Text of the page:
In a Nutshell
Generation X helps rescue Emma Frost from Gene Nation.
Writer: Scott Lobdell
Penciler: Chris Bachalo
Inker: Mark Buckingham
Letterer: Richard Starkings & Comicraft
Colorist: Steve Buccellato & Electric Crayon
Editor: Bob Harras
Editor-in-Chief: Tom DeFalco
In the tunnels beneath Manhattan, Marrow & Hemingway taunt a captive Emma, her powers held in check by an unwilling Leech, while Synch, Jubilee, & Skin try to locate their missing teacher. Back at the Xavier School, Chamber takes a drunk Paige back to her room, while in the tunnels, Synch manages to locate Emma. But before he and his friends can act, Emma distracts Marrow & Hemingway enough to kick Leech away, reactivating her powers, at which point she telepathically disables both of them. As her students rush into the chamber and Skin stops her from killing her captors, Dark Beast, monitoring from afar, triggers an explosion. Emma senses it moments before it occurs, enabling her to get most of the kids to safety, and Monet, come out of her catatonic stupor, arrives in time to save Jubilee & Leech from falling rubble. Later, Emma brings the kids to the X-Mansion in order to brief Xavier on Gene Nation. While they talk, Jubilee ventures onto the grounds and is reunited with Wolverine. Back the Xavier School, Banshee is walking with Penance when the girls' dormitory suddenly explodes.
Firsts and Other Notables
This is artist Chris Bachalo's final issue of the series (for awhile), as he leaves the book to return to DC in order to draw a new Death limited series. He will return with issue #17, and stick around (with some fill-ins) until issue #31.
Artie & Leech are transferred to the Xavier School; Skin derisively refers to them as mascots, and while they won’t be active members of Generation X (for as much as that means), they will remain a regular presence in the series for some time.
While checking in at the X-Mansion, Jubilee reunites with Wolverine, interacting with him for the first time since Wolverine #75, in a rather touching scene.
The issue ends with the girls’ dormitory exploding, something Banshee attributes to Chamber; we’ll learn his power flares out of control when Paige made a pass at him.
Marrow says that she is only keeping Emma alive as a favor to the First One (aka Dark Beast); the largely unnecessary retconned backstory between the two will be revealed in a future annual (well after its teased here).
Also, Marrow’s dialogue is decidedly more primitive & pidgin than it will become.
Dark Beast makes a brief appearance (alongside some bad 90s computer graphics), making it clear he’s not directly orchestrating Gene Nation’s actions even as they carry out the attacks in his name, and also further teasing his past with Emma.
A Work in Progress
Synch is able to use his aura to track Hemingway and Marrow.
Jubilee makes the first “Generation X is also the name for a cultural generation” joke, marveling at Synch’s gumption and the large number of overachievers on the team relative to the attributes of their namesake generation.
Chamber is stunned to discover Paige’s room is a mess despite her type A personality (as a fellow type A, I can attest it doesn’t automatically make you a neat freak).
Gene Nation is confirmed to be behind the nightclub massacre in Uncanny #322.
Leech is said to be the last of the Morlocks, earning him Gene Nation’s ire (though Caliban is still out there, as are Feral & Thornn).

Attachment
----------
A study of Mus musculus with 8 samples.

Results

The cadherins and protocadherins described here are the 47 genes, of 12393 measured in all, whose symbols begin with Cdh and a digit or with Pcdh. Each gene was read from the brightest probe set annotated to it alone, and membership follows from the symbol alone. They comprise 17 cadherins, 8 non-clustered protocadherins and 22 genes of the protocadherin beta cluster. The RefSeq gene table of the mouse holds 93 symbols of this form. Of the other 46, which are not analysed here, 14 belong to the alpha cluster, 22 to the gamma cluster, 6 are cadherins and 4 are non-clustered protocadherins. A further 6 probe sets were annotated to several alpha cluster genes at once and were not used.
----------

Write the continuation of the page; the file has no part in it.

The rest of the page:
They're Students, Not Superheroes
Off panel between issues, Skin, Synch & Jubilee agreed there wasn’t time to contact the X-Men before going after Emma & Leech, an acknowledgement at least that this kind of superheroing isn't what they're supposed to be doing.
We also see the Gen X kids in the more traditional blue/yellow school uniforms while they’re hanging out at the X-mansion.
Chris Bachalo on briefly leaving Generation X after issue #6
"When I left DC, I told Karen [Berger] that if they ever did another Death book, I'd make time to do it. I also told Marvel that right from the beginning. So basically I left Generation X to do Death: The Time of Your Life. It was a car wreck. Neil Gaiman was turning around about a page or two a week. Six months passed and I was only an issue-and-a-half into the series. I told DC I had to get back to Generation X. That's why I didn't finish the series."
DeFalco, Tom. Comic Creators on X-Men. London: Titan Books, 2006. p216
Chris Bachalo's last issue (for now) is pretty much the same as his previous ones (which is a good thing!): solid character-heavy, plot-light storytelling coupled with intricate but clear art. What this issue does that the others didn't is shine a spotlight on Emma Frost. While by no means absent from the previous five issues, this is really the first time the school's co-headmaster gets the spotlight, and Lobdell & Bachalo do a masterful job of depicting Emma's characterization as someone who is smart, ruthless, and who, despite her frosty exterior (sorry...), genuinely does care about her students. None of this is new ground (Lobdell covered similar territory in the Uncanny issues featuring her ahead of Generation X), but it's never a bad idea for a new series to establish the characterization of one its central cast members. This issue does that, while also packing in a character moment or two for the rest of the cast (including a touching encounter between Jubilee & Wolverine) and furthering the ongoing Gene Nation storyline. The first six issues of Generation X aren't the flashiest issues or packed with the most narrative incident, but this initial run of issues by Lobdell & Bachalo that ends here is nevertheless one of the all time great starts to a new series.
Tomorrow, Pete Wisdom is in the spotlight in Excalibur #88. Friday, Genosha comes to Cable in Cable #22. Next week, Wolverine: Knight of Terra (for real this time)!